AFTER delaying management salary increases and cutting capital spend, Impala Platinum (Implats), which completed the acquisition of Royal Bafokeng Platinum three months ago, has initiated a voluntary retrenchment exercise at its head office and Rustenburg operations on a one-month’s notice and two weeks’ pay for every year of service completed.
Another big platinum miner, Sibanye-Stillwater, said last month that a restructuring of its platinum group metals (PGM) operations in South Africa could result in the retrenchment of more than 4000 workers.
Implats recently said that it was cutting capital expenditure for some of its projects, including its Zimplats operation in Zimbabwe, as the commodity downturn ate into profitability of miners of the precious metal. Now, the South African PGM miner has initiated a mutual retrenchment exercise.
Moses Motlhageng, the CEO for Implats’ Rustenburg operations, said in a November 3 letter to employees that “the situation (declining PGM prices and inflation pressures) requires us to make some workforce” adjustments. Pursuant to this, Implats was now “opening an application for Mutual Separation Packages” to employees.
Johan Theron, a spokesperson for Implats, confirmed to Business Report on Saturday that the company’s mutual retrenchment exercise was being implemented at the company’s head office and Rustenburg operations.
“At this time we have initiated at the corporate head office and recently Impala Rustenburg,” he said by email.
He, however, would not say how many employees would be affected by this, saying this was dependent “on how many people elect to accept and exit in this way” from the company.
Implats said in its November 3 letter to employees that the voluntary separation exercise was being implemented despite “cost containment and cash preservation measures that have been implemented across the operations” to mitigate the impact of falling PGM prices.
Last month, Implats, which last year announced plans to invest R50 billion into a five-year capital investment programme across its mining and processing assets, has said that it is delaying some capital projects.
Employees opting to undertake the voluntary retrenchment will be accorded “two week’s pay for every completed year of service, one month notice pay, good leaver benefits” and payment of any study loans.
“The introduction of this MSP (mutual separation package) is a response to the broader economic challenges facing the company and the PGM industry as a whole. We are hopeful the challenging operating environment will improve over the short to medium term… failing to act quickly may have dire consequences for the company and make recovery more difficult,” Motlhageng explained in the letter to employees.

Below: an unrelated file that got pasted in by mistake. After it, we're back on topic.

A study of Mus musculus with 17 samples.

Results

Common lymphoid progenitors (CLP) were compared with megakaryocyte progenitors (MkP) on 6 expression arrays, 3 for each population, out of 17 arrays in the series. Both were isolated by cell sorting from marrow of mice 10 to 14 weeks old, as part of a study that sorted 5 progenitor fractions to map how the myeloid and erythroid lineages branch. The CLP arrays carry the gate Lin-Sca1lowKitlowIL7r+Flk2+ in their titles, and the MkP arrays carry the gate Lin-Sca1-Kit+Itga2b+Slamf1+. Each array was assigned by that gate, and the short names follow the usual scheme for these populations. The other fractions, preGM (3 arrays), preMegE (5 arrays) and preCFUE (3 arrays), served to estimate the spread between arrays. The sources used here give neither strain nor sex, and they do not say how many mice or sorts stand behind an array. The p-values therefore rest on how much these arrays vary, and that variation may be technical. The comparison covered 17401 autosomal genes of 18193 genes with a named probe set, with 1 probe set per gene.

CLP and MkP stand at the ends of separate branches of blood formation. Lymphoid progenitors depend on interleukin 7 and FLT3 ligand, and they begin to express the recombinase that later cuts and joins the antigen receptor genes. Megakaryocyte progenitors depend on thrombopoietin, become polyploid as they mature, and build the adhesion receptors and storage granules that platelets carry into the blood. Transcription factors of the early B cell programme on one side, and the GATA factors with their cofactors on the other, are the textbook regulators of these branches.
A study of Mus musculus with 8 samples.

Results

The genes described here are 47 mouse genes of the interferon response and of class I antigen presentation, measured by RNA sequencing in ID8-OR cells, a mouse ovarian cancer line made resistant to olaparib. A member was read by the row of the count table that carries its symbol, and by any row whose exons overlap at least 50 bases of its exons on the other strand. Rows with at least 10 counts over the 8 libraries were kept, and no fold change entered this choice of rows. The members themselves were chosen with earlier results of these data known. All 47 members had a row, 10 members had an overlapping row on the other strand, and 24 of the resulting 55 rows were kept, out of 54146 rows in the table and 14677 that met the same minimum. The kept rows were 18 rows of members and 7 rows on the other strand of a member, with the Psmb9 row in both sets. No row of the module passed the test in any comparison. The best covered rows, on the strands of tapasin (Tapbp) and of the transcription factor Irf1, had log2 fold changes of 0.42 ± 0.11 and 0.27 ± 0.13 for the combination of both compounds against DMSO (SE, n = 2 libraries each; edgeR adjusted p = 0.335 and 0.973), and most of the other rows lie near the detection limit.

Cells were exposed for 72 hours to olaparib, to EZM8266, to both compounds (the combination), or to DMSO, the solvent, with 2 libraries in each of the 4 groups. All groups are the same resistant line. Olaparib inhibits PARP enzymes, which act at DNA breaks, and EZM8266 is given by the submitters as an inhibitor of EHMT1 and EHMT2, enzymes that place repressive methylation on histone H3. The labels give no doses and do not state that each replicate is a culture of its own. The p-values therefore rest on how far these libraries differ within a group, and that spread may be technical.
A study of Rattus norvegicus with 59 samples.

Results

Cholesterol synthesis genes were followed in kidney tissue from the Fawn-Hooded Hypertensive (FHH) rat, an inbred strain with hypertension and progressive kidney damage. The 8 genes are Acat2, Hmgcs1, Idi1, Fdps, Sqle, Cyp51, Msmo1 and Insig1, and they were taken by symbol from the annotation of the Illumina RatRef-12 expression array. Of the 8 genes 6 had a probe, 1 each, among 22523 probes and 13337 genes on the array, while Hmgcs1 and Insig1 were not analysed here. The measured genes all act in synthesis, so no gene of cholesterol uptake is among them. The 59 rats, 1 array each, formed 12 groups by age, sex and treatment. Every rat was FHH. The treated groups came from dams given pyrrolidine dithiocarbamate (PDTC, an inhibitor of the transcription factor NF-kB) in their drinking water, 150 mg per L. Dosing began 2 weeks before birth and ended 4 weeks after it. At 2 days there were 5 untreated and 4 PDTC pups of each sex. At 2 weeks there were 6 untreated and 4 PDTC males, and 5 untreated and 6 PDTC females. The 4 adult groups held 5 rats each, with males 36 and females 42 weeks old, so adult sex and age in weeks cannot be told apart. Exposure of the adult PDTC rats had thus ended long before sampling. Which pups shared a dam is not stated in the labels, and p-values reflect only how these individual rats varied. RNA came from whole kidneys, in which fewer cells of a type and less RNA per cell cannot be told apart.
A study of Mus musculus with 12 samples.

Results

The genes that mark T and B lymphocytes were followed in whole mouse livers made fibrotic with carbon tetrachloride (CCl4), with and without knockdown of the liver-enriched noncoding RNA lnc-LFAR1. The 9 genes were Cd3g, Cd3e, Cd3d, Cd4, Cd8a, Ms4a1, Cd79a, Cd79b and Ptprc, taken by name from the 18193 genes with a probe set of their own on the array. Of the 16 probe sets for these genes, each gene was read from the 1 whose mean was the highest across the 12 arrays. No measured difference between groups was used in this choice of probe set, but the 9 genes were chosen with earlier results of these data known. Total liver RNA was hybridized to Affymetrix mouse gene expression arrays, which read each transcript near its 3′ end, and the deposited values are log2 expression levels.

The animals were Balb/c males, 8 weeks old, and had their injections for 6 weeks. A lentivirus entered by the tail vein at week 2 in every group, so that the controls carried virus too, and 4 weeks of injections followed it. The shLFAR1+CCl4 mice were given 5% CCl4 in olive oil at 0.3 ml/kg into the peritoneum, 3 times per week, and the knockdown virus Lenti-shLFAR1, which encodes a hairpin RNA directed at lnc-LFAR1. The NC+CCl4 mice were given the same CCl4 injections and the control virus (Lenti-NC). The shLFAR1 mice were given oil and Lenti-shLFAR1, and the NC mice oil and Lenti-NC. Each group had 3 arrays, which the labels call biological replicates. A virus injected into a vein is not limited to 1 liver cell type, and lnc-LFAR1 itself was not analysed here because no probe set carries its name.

The voluntary retrenchment exercise by Implats comes about three months after the acquisition of a controlling interest in Royal Bafokeng Platinum.
The company was now set to address the “fundamental technical weaknesses at both the processing plant, and particularly the new plant, Maseve, which never got going,” according to CEO, Nico Muller.
However, it is the voluntary retrenchment initiated at Rustenburg and at its head office that has ruffled labour unions.
Phuthuma Manyathi, a regional secretary for labour union, Association of Mineworkers and Construction Union, told Business Report in a telephone interview that the voluntary retrenchments at Implats and across the industry were worrisome.
“We always worry (over retrenchments). Now it’s towards festive season. It means there will be families that will not enjoy the normal Xmas break. The biggest worry is that with high rate of unemployment it’s difficult to find a job as we have guys who have been in mining for 15 to 20 years and all they know is mining; where else will they find another job,” he said.
Theron, however, said Impala Platinum’s “principle concern” amid the commodity downturn afflicting the platinum sector, was “to sustain jobs and profitability as far” as possible.
But Manyathi said the platinum industry retrenchments were imposing a broader and economic-wide concern for South Africa. Intensified retrenchments also mean that the South African tax base will shrink.
“The worry should be broader than that. The government complained in the Mid-Term Budget Policy Statement that there is not enough revenue so it’s going to be worse because the more people get retrenched, the less tax base,” Manyathi said.